Natour AK, Shepard AD, Weaver M, Peshkepija A, Nypaver T, and Kabbani L. Re-vascularization Of Left Subclavian Artery May Not Influence The Incidence Of Spinal Cord Injury After Endovascular Repair Of Acute Type B Aortic Dissection. J Vasc Surg 2022; 76(4):e56-e57.
J Vasc Surg
Objective: The objective of this study was to analyze whether left subclavian artery (LSA) revascularization in patients undergoing thoracic endovascular aortic repair (TEVAR) for acute type B aortic dissection (TBAD) is associated with decreased spinal cord ischemia (SCI).
Methods: The national Vascular Quality Initiative TEVAR module was queried for all procedures performed between 2014 and 2021. Patients presenting with aortic aneurysms or aortic ruptures were excluded from the analysis. Patients with therapeutic spinal drains were excluded as well. Patients were divided into two groups according to whether their left subclavian artery (LSA) was revascularized (prior to or during TEVAR) or not. A propensity score matching approach was used to account for possible confounders and evaluate the effect of LSA revascularization on the primary outcome of SCI.
Results: Among patients who had TEVAR for acute TBAD, 852 patients had the LSA covered. The LSA was revascularized prior to or concomitant with TEVAR in 44% of these patients (n = 378). The incidence of LSA revascularization significantly increased over the study period (Fig) (P <.001). A total of 650 patients were split equally and matched between the two groups. Average age was 57 years, and 71% (n = 458) were male (Table). Spinal cord ischemia developed in 26 patients (4%), and cerebral stroke in 46 patients (7%). On univariate analysis, patients who had their LSA revascularized were significantly less likely to develop cerebral stroke (5% vs 9%; P =.03). However, this association dropped after accounting for preoperative and intraoperative variables (P =.14). No significant difference was seen when comparing SCI, 30-day mortality, or 1-year mortality between patients who had LSA revascularization and those who did not (Table). The average follow-up was 24 months (range, 0-99 months). Long-term survival did not differ between the two groups on Kaplan-Meier analysis.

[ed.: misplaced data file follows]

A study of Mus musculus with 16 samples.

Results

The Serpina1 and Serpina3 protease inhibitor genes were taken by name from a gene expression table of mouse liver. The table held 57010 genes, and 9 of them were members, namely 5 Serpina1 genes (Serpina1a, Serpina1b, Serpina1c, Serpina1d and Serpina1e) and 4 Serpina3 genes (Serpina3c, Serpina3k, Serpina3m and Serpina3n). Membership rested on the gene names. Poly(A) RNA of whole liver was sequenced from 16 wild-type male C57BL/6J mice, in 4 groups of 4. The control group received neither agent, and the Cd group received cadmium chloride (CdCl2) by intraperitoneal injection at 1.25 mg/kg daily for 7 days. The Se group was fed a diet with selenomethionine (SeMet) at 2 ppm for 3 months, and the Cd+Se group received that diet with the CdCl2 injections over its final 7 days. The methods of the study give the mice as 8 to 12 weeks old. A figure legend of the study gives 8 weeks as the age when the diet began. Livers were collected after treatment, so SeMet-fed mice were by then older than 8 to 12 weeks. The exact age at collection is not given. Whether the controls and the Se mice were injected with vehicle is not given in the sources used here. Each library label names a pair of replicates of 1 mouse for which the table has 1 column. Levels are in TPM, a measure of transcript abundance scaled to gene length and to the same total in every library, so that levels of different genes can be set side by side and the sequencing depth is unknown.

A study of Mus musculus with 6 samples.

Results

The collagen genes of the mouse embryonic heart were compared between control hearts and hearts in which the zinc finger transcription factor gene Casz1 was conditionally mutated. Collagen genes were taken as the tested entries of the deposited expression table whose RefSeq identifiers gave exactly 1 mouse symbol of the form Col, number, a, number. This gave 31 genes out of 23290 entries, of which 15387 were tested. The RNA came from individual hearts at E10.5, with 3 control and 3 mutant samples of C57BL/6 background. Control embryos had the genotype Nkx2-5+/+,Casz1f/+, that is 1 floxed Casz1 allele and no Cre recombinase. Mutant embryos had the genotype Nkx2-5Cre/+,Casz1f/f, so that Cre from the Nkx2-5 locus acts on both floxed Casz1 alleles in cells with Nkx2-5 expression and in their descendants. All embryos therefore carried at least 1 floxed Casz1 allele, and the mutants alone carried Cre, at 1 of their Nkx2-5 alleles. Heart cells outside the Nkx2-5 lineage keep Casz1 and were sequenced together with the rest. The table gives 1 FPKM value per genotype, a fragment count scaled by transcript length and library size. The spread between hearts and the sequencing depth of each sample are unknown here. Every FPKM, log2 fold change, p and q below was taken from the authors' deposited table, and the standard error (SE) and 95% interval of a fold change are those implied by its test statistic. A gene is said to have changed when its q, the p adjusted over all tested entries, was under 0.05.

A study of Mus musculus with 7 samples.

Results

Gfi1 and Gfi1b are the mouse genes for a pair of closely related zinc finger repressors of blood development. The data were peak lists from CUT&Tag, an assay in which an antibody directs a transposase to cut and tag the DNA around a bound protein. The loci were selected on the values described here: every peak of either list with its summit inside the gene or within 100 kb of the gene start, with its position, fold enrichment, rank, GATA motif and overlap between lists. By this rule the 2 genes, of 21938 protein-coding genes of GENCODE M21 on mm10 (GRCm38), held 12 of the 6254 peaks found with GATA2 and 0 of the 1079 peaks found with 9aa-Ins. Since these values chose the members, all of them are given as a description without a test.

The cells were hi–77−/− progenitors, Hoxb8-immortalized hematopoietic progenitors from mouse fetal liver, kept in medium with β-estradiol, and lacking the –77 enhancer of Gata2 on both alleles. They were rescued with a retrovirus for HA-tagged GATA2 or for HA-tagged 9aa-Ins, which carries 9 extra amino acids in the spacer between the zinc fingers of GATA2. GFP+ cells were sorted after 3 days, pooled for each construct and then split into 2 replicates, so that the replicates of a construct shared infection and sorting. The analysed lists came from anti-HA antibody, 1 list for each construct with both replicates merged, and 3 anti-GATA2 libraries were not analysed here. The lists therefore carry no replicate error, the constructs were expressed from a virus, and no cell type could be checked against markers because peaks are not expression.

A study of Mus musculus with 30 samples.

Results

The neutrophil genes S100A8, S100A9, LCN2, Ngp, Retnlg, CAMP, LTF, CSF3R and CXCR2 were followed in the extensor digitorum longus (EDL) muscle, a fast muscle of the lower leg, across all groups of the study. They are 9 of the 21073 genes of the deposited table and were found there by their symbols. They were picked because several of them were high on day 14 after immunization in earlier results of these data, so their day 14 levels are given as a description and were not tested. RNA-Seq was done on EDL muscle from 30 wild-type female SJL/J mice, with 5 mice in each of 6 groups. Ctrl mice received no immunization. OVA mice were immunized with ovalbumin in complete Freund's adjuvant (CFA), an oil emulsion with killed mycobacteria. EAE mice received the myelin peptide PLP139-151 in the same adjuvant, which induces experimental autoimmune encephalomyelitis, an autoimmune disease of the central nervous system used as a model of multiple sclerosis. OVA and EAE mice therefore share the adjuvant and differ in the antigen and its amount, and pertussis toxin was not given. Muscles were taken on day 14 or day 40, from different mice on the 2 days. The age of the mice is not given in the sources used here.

Conclusions: In patients with acute TBAD undergoing TEVAR requiring LSA coverage, an increasing percentage of patients underwent preoperative or concomitant LSA revascularization over the course of the study: 51% in 2021. In this study, LSA revascularization did not affect the incidence of postoperative SCI, cerebral stroke, or short or long-term mortality. LSA revascularization may carry its own morbidity in TEVAR requiring LSA coverage.